Visible and invisible changes to improve life in Brock Residences

Lowenberger

Residences at Brock University have undergone changes this summer — some more visible than others — and several more are planned. Jamie Fleming, the Director of Residences, discussed the initiatives that students will benefit from in the coming year. Having worked at Brock for over 30 years, Fleming has spearheaded countless updates at the university.

Fleming highlighted the ongoing proximity card project on campus. Some residence students will be able to lock and unlock their rooms by tapping their student card to the proximity card reader installed on their door. However, not all rooms have been switched over to this new system — largely because of the complexities of updating the infrastructure in large buildings such as DeCew and Village Residences. Fleming described this project as an “opportunity to move things forward while still providing safety and security by using technology, and making it seamless for the students.”

Rumours about a large-scale renovation of DeCew residence have circulated for years. Fleming addressed these, as the redesign plans have “yet to receive approval at the highest ranks of the university, however efforts have been made to investigate and plan for what could be a very major redevelopment.” Brock’s oldest residence building is due for an update to the infrastructure, according to Fleming, who noted that, “some of the social spaces, community spaces, and gathering spaces that were initially for students have, over literally decades, been taken away and we’re hoping to return them to student use.” The department will keep several offices in DeCew, while others will relocate — and have already moved — to other buildings on campus.

Many students may not have known that the Residence Life Staff has been expanded this year, as one of many changes made behind the scenes in the department’s ongoing commitment to growth. Hiring more Dons and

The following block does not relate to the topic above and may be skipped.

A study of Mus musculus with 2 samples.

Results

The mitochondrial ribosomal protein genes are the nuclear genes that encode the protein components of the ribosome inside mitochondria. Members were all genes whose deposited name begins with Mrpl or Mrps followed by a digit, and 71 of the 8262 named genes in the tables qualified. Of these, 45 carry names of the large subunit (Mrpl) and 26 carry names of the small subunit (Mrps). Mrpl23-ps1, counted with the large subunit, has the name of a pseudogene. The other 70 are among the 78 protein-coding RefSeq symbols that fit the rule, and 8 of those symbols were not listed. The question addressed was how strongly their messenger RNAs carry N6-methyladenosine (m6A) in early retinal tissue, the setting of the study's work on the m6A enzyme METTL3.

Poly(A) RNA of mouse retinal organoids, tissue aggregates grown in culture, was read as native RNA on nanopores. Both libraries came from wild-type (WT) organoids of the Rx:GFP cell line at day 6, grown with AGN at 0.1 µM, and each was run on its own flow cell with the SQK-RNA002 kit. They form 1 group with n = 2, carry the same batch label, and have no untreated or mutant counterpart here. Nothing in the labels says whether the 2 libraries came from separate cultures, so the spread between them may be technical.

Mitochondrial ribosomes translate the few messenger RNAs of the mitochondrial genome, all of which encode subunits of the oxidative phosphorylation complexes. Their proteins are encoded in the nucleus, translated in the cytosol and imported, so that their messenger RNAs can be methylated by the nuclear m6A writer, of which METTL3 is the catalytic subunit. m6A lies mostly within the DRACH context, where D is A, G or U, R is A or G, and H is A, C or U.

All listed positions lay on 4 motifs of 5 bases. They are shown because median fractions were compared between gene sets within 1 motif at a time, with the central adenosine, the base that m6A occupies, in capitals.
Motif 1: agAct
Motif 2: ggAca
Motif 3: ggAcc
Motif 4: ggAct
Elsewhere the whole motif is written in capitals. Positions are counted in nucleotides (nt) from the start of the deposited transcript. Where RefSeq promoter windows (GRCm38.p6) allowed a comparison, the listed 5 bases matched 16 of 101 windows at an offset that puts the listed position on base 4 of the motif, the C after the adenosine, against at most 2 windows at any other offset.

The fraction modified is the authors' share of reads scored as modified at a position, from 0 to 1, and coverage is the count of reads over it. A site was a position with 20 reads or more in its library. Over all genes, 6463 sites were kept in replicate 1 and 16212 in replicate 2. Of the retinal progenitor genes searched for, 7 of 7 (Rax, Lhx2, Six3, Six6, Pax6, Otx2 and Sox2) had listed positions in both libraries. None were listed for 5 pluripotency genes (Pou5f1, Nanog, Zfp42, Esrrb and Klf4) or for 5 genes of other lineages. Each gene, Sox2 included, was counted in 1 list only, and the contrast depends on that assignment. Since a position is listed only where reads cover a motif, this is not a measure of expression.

Head Residents was “meant to level the number of students per don, and dons per head resident.” This has meant separating DeCew into two separate teams, each led by a different Head Resident, and further breaking down Village into four teams, adding a Village East team to the existing trio. Increasing the number of student staff hired is not a new concept for the Department of Residences. Fleming pointed out positions such as the academic don, don of activities, and residence education don as somewhat recent changes that have improved the student experience.

Training for the Residence Life staff has expanded, as well, including a new online component. The online training program; Being a Resident Assistant 101, known simply as RA101, is a module created by the Association of College and University Housing Officers — International, to supplement the training of Resident Assistants, Dons, and other paraprofessionals working in post-secondary housing. When asked what prompted the decision to invest in this training program, Fleming explained that the department is “always evolving. [They’re] always looking at what else might be out there that might possibly be better.” They implement feedback processes through several channels, sent in by students, student staff, and professional staff, to evaluate potential areas of growth.

Another behind-the-scenes decision made to make the residence experience seamless for students was to forego the annual change in operation of the North Service Desk, located in DeCew. Historically, Conference Services takes on operation of the desk after students move out for the year. This year, the service desk staff continued to provide service at the desk throughout the spring and summer terms. Fleming noted this benefited the summer conference business, as “there wasn’t the very steep learning curve for the new staff that were coming in at a very, very busy time “which made for a better experience for conference guests, for students, but also for departments within the university.” He describes the full-year service desk staff as “seasoned” and “well-informed” staff members.

While it is easy to focus on individual changes and the work that goes into implementing them, Fleming highlighted the reason behind the changes in the department is ultimately simple: improving the lives of students.

“We just hope that everybody has a very positive experience in residence and as a Brock student from the moment they choose to attend Brock until they walk across the stage at convocation,” said Fleming.